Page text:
Confidentiality is the right of an individual to have personal, identifiable medical information kept private. Such information should be available only to the physician of record and other health care andpersonnel as necessary. As of 2003, patient confidentiality was protected by federal statute.
The passage of federal regulations (the Health Insurance Portability and Accountability Act of 1996) was prompted by the need to ensure privacy and protection of personal records and data in an environment of electronic medical records andpayers.
Patient confidentiality means that personal and medical information given to a health care provider will not be disclosed to others unless the individual has given specific permission for such release.
Because the disclosure of personal information could cause professional or personal problems, patients rely on physicians to keep their medical information private. It is rare for medical records to remain completely sealed, however. The most benign breach of confidentiality takes place when clinicians share medical information as case studies. When this data is published in professional journals the identity of the patient is never divulged, and all identifying data is either eliminated or changed. If this confidentiality is breached in any way, patients may have the right to sue.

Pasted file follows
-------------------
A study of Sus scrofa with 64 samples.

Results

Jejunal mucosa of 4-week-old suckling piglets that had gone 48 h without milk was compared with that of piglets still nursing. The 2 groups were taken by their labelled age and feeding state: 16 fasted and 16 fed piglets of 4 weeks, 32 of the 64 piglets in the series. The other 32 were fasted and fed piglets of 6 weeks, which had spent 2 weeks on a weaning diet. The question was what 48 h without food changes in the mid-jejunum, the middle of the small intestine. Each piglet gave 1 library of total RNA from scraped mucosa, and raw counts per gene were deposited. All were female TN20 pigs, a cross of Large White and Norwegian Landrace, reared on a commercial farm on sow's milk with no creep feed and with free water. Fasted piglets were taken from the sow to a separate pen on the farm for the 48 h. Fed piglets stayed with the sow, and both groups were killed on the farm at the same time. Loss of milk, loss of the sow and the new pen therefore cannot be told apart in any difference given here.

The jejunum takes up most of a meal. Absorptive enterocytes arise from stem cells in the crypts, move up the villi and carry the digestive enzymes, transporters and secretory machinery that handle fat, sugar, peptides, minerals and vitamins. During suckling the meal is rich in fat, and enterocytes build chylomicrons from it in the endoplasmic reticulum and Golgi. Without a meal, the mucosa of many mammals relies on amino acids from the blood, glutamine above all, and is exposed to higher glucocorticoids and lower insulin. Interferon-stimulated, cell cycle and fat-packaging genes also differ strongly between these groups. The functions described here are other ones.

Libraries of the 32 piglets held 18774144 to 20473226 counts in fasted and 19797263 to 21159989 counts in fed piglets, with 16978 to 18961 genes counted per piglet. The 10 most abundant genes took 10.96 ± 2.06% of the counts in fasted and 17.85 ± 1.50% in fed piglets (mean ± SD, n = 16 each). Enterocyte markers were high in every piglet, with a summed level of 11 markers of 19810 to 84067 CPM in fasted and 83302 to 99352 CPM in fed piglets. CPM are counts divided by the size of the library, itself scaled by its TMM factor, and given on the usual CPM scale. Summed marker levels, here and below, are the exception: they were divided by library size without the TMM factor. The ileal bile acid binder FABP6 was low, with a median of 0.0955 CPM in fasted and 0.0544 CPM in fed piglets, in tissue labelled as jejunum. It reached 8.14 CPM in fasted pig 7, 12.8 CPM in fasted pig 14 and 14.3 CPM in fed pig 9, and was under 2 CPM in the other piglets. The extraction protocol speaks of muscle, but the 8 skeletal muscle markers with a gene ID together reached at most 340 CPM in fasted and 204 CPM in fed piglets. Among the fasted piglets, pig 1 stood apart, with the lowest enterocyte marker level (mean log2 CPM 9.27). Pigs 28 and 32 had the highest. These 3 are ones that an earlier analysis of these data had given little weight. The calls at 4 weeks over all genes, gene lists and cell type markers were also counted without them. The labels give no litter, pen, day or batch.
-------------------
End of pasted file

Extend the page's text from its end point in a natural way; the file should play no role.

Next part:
The greatest threat to medical privacy, however, occurs because most medical bills are paid by some form of health insurance, either private or public. This makes it difficult, if not impossible, to keep information truly confidential. Health records are routinely viewed not only by physicians and their staffs, but by the employees of insurance companies, medical laboratories, public health departments, researchers, and many others. If an employer provides health insurance, the employer and designated employees may have access to employee files.